Flow chart courtesy of Professor Abrol Kakharov
Originally posted on Tuesday, April 22nd, 2014
Some critics of gold (and of the gold standard) are concerned by the environmental toxicity of the cyanide now used to extract gold from ore. This process may be about to change to something much greener.
In the gold-mining process, the precious metal is often extracted from low-grade ore in a technique known as gold cyanidation. As its name suggests, the process utilizes highly-poisonous cyanide, some of which ends up entering the environment in the mines’ tailings. … Scientists at Illinois’ Northwestern University, however, recently announced their discovery of a new gold recovery process that’s based on a non-toxic component of corn starch.
The process was discovered by accident, when postdoctoral fellow Zhichang Liu was trying to create a tiny cubic structure that could be used to store gases and molecules. …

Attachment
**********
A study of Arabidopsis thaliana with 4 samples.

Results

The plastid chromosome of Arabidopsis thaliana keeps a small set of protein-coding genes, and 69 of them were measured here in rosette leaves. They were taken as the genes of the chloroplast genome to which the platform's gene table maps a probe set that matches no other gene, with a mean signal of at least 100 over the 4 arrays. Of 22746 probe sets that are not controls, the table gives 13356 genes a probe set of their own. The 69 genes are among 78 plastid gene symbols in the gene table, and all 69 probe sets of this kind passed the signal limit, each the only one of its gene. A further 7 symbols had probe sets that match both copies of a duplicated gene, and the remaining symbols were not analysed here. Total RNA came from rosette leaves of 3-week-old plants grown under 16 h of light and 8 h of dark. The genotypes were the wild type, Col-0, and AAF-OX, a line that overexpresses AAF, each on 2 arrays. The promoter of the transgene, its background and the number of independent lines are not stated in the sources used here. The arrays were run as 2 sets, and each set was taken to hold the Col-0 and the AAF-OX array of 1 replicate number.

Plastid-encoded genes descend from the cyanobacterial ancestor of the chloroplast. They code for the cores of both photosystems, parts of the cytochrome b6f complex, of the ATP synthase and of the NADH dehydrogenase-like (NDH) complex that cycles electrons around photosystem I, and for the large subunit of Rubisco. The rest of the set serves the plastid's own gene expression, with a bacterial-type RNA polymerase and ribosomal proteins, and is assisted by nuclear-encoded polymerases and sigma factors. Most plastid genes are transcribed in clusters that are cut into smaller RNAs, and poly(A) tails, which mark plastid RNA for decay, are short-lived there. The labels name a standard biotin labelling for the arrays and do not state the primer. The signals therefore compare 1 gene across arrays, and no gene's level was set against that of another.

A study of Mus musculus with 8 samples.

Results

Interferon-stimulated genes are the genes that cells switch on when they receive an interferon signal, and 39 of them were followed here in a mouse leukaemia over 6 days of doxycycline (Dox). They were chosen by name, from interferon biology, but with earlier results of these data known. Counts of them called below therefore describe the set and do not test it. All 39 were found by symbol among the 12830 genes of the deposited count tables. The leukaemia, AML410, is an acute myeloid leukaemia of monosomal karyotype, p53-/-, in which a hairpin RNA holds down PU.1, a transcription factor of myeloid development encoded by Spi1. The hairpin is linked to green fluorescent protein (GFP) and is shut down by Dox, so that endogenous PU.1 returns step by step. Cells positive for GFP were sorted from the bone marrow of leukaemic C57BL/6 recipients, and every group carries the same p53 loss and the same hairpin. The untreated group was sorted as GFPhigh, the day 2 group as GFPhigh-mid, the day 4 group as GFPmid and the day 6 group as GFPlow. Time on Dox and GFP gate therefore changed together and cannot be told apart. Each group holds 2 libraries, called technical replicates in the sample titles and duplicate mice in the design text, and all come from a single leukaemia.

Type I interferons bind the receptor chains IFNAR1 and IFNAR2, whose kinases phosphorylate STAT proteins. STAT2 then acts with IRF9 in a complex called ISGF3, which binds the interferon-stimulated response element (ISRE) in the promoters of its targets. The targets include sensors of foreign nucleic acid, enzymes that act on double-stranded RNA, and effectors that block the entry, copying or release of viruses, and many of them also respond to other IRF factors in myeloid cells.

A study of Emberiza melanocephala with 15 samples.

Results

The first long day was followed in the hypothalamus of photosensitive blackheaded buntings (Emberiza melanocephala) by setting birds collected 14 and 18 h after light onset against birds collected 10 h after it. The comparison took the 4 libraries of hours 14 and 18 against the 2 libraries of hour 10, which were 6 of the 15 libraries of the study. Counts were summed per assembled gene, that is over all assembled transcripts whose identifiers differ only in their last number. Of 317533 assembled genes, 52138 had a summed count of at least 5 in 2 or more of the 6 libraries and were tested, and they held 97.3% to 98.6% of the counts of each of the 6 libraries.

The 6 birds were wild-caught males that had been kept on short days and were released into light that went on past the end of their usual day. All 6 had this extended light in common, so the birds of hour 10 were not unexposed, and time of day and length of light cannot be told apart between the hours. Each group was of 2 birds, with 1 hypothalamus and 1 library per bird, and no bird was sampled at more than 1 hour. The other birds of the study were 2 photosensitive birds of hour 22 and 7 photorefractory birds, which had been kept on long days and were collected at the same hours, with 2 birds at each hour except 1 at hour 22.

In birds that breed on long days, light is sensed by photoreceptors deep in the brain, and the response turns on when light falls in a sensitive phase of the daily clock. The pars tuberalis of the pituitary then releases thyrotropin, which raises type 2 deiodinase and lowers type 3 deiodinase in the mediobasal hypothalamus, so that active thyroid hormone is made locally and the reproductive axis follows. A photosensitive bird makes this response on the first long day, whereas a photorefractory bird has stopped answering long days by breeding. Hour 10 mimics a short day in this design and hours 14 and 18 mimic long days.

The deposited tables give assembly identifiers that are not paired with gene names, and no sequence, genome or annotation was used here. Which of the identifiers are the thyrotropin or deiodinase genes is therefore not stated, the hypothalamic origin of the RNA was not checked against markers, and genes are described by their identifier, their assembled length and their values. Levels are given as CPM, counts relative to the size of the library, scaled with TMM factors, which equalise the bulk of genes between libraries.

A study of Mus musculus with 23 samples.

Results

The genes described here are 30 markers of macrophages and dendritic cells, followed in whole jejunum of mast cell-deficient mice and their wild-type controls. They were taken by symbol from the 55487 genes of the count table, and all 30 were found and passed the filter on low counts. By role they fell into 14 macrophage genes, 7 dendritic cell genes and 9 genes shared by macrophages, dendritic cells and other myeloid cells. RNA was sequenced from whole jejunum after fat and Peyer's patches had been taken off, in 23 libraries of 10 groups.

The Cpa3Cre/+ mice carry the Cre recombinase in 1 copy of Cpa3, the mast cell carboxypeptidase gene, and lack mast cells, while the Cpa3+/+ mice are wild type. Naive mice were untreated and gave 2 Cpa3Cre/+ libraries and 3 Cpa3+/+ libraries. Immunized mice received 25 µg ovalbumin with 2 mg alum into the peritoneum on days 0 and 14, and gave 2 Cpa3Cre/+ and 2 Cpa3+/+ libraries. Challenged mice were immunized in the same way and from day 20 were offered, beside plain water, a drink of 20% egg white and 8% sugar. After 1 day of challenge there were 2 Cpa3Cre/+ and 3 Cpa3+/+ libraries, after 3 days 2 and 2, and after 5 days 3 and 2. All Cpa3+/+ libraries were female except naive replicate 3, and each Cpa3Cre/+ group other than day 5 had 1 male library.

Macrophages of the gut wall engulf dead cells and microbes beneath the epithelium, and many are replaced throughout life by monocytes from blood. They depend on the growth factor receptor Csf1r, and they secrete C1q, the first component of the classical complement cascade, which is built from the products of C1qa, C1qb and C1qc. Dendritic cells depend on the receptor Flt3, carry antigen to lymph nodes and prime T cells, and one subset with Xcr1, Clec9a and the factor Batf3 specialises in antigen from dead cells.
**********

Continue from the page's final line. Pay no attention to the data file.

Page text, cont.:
To his surprise, less than a minute after the solutions were mixed together, the gold content formed into solid needles. … While the needles were very small themselves, they could be harvested from the rest of the liquid.
The inexpensive process creates relatively innocuous alkali metal salt as a by-product, and reportedly extracts gold more effectively than existing methods.
“Zhichang stumbled on a piece of magic for isolating gold from anything in a green way.”
The distinction between gold as commodity and the classical gold standard — which does not require extravagant amounts of gold to perform its own piece of magic in the fostering of a climate of equitable prosperity — is a significant one. Many proponents of the classical gold standard fully share a devotion to the highest environmental standards and welcome the accidental discovery by Dr. Zhichang both for environmental reasons and reasons of cultural mimetics.